Joseph Blackmore – firstname.lastname@example.org
Robin Cleveland – email@example.com
Institute of Biomedical Engineering, University of Oxford, Roosevelt Drive, Oxford, OX3 7DQ, United Kingdom
Michele Veldsman – firstname.lastname@example.org
Christopher Butler – email@example.com
Nuffield Department of Clinical Neurosciences, John Radcliffe Hospital, University of Oxford, OX3 9DU, United Kingdom
Popular version of paper 2aBAa7
Presented Monday morning, June 26, 2017
173rd ASA Meeting, Boston
Many disorders of the brain, such as OCD and essential tremor, can be treated by stimulating or disrupting specific locations in the brain. This can be done by placing an electrode directly at the site needing disruption with a procedure known as deep brain stimulation, but it is an invasive procedure that involves drilling a hole in the skull and inserting a wire through the brain tissue.
Non-invasive alternatives do exist in which electrodes or magnets are placed on the scalp, avoiding the need for surgery. However, these methods can only be used to treat brain regions quite close to the skull and have limited spatial specificity.
Recently, low-intensity focused ultrasound has also been shown to stimulate localized regions of the brain, creating, for example, the sensation of seeing stars in your eyes (known as phosphenes) , when targeted to a region of the brain associated with vision. However, steering and focusing an ultrasound beam to the correct location within the brain remains a challenge due to the presence of the skull.
Skull bone, with its varying thickness, curvature, and structure, strongly distorts and attenuates ultrasound waves and can shift the focal point away from the intended target. Consequently, in current human trials, as many of 50 percent of ultrasound stimulation attempts did not elicit a response [1,2].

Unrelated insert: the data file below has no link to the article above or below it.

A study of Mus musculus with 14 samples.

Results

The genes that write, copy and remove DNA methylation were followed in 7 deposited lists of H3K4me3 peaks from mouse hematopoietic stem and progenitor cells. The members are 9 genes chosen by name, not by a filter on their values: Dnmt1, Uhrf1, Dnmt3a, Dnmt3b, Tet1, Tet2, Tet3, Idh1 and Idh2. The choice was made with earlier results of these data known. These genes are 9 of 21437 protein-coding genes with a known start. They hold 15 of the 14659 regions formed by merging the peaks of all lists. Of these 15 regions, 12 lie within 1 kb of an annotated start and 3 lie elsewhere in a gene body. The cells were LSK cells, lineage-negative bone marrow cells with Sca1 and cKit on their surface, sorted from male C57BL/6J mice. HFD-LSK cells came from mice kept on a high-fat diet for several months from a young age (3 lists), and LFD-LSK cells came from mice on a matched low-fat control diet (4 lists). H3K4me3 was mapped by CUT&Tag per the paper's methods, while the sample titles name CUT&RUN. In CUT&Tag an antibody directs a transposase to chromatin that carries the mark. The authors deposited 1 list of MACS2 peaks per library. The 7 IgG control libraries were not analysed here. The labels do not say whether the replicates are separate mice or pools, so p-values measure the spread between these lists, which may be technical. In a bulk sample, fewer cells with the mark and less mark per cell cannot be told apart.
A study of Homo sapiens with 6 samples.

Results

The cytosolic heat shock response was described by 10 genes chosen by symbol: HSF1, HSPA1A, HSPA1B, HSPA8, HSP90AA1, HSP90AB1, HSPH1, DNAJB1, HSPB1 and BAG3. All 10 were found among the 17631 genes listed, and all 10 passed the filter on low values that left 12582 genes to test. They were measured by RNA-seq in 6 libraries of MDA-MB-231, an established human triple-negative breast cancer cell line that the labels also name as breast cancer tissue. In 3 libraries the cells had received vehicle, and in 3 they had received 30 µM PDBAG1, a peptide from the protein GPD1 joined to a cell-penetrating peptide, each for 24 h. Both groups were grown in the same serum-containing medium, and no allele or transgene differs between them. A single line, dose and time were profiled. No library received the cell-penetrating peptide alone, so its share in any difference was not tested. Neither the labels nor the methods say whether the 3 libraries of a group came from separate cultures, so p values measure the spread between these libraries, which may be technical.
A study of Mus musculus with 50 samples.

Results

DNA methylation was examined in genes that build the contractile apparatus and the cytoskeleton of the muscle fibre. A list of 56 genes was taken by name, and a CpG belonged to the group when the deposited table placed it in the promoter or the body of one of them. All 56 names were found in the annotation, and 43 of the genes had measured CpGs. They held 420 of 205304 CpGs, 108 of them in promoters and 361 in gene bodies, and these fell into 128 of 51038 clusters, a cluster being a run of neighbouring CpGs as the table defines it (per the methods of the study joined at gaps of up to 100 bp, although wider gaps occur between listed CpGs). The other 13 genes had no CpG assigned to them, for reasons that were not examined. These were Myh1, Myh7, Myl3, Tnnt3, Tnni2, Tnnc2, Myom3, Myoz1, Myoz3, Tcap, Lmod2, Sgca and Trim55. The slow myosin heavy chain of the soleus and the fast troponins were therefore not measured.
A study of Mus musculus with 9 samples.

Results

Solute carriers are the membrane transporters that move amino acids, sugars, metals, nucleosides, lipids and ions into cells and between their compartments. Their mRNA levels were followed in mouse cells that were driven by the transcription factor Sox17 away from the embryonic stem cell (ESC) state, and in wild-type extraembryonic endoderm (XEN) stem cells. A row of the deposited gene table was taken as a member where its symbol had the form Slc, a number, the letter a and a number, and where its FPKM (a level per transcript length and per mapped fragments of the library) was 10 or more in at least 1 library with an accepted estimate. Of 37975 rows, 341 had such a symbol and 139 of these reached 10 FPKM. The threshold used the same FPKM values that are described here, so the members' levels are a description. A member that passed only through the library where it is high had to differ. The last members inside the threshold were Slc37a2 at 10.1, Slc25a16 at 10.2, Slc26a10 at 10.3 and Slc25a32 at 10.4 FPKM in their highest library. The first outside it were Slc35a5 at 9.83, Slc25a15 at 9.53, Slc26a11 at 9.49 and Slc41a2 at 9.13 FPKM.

One solution to more robust focusing is to use ultrasound transducers with hundreds, or even thousands of elements, each of which is individually tuned to account for variations in skull properties so that all waves focus to the intended target location with the brain. However, this equipment is very complex and expensive which, in this early stage of research into ultrasound-induced neuromodulation, has limited progress.
Here, we performed a numerical study to assess whether single-element transducers — which are relatively inexpensive — could be used in combination with numerical modelling to achieve sufficient targeting in the brain. This would provide a solution that can be used as a research tool to further understand the mechanisms behind ultrasound-induced neuromodulation.
The method works by importing a three-dimensional CT image into a computer and placing a virtual acoustic source at the desired target location. A super-computer then calculates how the sound travels from the target, through brain tissue and the skull bone, onto a sphere outside the head, depicted in Figure 1.
From the predicted signals, it is possible to determine the best position of an ultrasound source which can send sound back through the skull to the target location. We employed different strategies for choosing the source location (the dots in Figure 1), and for the optimal strategy predict that a single element transducer can localize sound to a region about 36 millimeters long and 4 millimeters in diameter at depths up to 45 millimeters into brain tissue, which is depicted in Figure 2.
 Lee, Wonhye, et al. “Transcranial focused ultrasound stimulation of human primary visual cortex.” Scientific Reports 6 (2016).
 Lee, Wonhye, et al. “Image-guided transcranial focused ultrasound stimulates human primary somatosensory cortex.” Scientific Reports 5 (2015): 8743.